Automakers often say that these changes are the typical growing pains experienced in a maturing market. They point out that lower percentage gains from a very high base still translate into large overall increases in car sales.
But China’s role is far more crucial than executives admit as the market accounted for a quarter of all global car sales by European automakers last year, according to IHS Automotive. And, more importantly, China accounted for 40 percent of all automakers’ global profits last year -- roughly as much as Europe and North America combined -- a recent McKinsey study showed.
“BMW management’s comments on China need to be heeded,” Bernstein analyst Max Warburton wrote. The analyst added in a separate note in late April that while BMW was, at that point, the only automaker to warn about China, others will follow, which is why the firm is “growing more pessimistic” about profitability in China. “Demand is easing, consumers are pickier, [they] buy smaller engines and demand discounts. This is going to catch up with everyone,” Warburton wrote. He also noted that VW and Ford had cut prices by 5 percent to 10 percent and that “the pattern of sales over the course of each month is becoming unhealthy.”
The slowdown comes at the most inopportune time for Europe’s carmakers, whose margins are already being squeezed by the billions in costs they are forced to swallow for developing low-emissions technology to satisfy tougher regulations at home. Automakers desperately need a robust China to help offset a collapse of sales in Russia as well as disappointing results in Brazil and India. “Of the motors driving the global economy – the BRICs – basically only “C” for China is left standing,” Volkswagen CEO Martin Winterkorn said in mid-March.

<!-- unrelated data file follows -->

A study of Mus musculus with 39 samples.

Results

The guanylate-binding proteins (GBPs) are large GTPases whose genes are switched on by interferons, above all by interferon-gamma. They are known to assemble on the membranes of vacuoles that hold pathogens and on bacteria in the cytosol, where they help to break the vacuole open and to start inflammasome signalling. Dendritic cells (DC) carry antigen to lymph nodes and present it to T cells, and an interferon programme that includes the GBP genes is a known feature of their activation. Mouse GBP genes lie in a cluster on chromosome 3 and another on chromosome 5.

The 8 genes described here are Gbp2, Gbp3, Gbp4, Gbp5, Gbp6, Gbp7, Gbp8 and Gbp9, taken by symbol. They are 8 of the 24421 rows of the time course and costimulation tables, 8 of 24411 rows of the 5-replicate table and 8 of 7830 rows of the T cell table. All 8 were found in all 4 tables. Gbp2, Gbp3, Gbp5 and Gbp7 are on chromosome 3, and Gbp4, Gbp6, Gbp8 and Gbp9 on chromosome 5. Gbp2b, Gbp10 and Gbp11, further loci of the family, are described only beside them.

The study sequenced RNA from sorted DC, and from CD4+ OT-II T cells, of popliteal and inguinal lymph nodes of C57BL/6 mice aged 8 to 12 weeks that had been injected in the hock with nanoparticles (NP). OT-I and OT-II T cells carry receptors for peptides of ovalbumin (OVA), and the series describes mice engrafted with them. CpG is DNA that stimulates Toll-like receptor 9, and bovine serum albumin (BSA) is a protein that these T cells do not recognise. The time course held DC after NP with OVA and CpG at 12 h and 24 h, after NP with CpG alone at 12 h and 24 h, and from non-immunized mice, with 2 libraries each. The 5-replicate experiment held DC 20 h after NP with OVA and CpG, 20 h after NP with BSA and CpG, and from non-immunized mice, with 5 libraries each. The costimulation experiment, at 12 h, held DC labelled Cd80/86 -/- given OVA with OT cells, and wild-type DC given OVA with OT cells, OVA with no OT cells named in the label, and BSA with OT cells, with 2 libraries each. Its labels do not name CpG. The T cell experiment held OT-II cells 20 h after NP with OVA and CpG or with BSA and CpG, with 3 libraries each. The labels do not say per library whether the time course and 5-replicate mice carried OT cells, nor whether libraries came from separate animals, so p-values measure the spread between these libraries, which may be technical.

Pollution & inflation
China is turning its back on the debt-financed property and infrastructure bonanza that fueled its growth. While it did lift overall wealth and income standards, it unintentionally lead to dangerous levels of pollution and bouts of speculative inflation in real estate markets. Jochen Siebert, founder of Shanghai-based consultancy JSC Automotive, warns mismanaging this complex transition could let the air out of what he believes is a massive credit bubble. “When you talk about real estate, which accounts for roughly a third of the economy, we are already well into crisis mode here. Most developers are now on the verge of going bankrupt,” he said.
McKinsey’s economic think tank, MGI, found that the country’s public and private sector debt has nearly quadrupled since the pre-crisis year of 2007, rising from $7.4 trillion to $28.2 trillion. China is now more indebted than the U.S. relative to the size of its own economy. “China is coming to an end in many ways. If the status quo is maintained and there is no reform, the country could suffer a hard-landing -- I can even imagine a recession,” he added.
Not only do carmakers face a cyclical downturn, they also have to contend with structural declines in key parts of China resulting from attempts to rein in pollution and manage congestion. Porsche finance chief Lutz Meschke fears authorities might be pressured into eventually banning all cars running on gasoline from cities such as Beijing and Shanghai, especially now that the Chinese documentary “Under the Dome” has created a growing awareness of the environmental problems. “At playgrounds you will always find a red flag, which goes up to tell parents when it’s not safe for kids to play outside,” he said. “It is no longer the exception [in Beijing], it has become the rule.” To guarantee it won’t be shut out of the Chinese market Porsche is developing an electric car that Meschke calls a “life insurance policy.”
The government is trying to subsidize a fledgling market for New Energy Vehicles, electric cars and plug-in hybrids that can go at least 50km on electricity, targeting a half million sales this year. Chinese brands are making progress since only locally built NEVs benefit from government subsidies. Scientists warn, however, that pushing NEVs could backfire, causing CO2 to rise in the short term as the country’s power grid relies on burning coal containing heavy amounts of ash, sulfur and other impurities.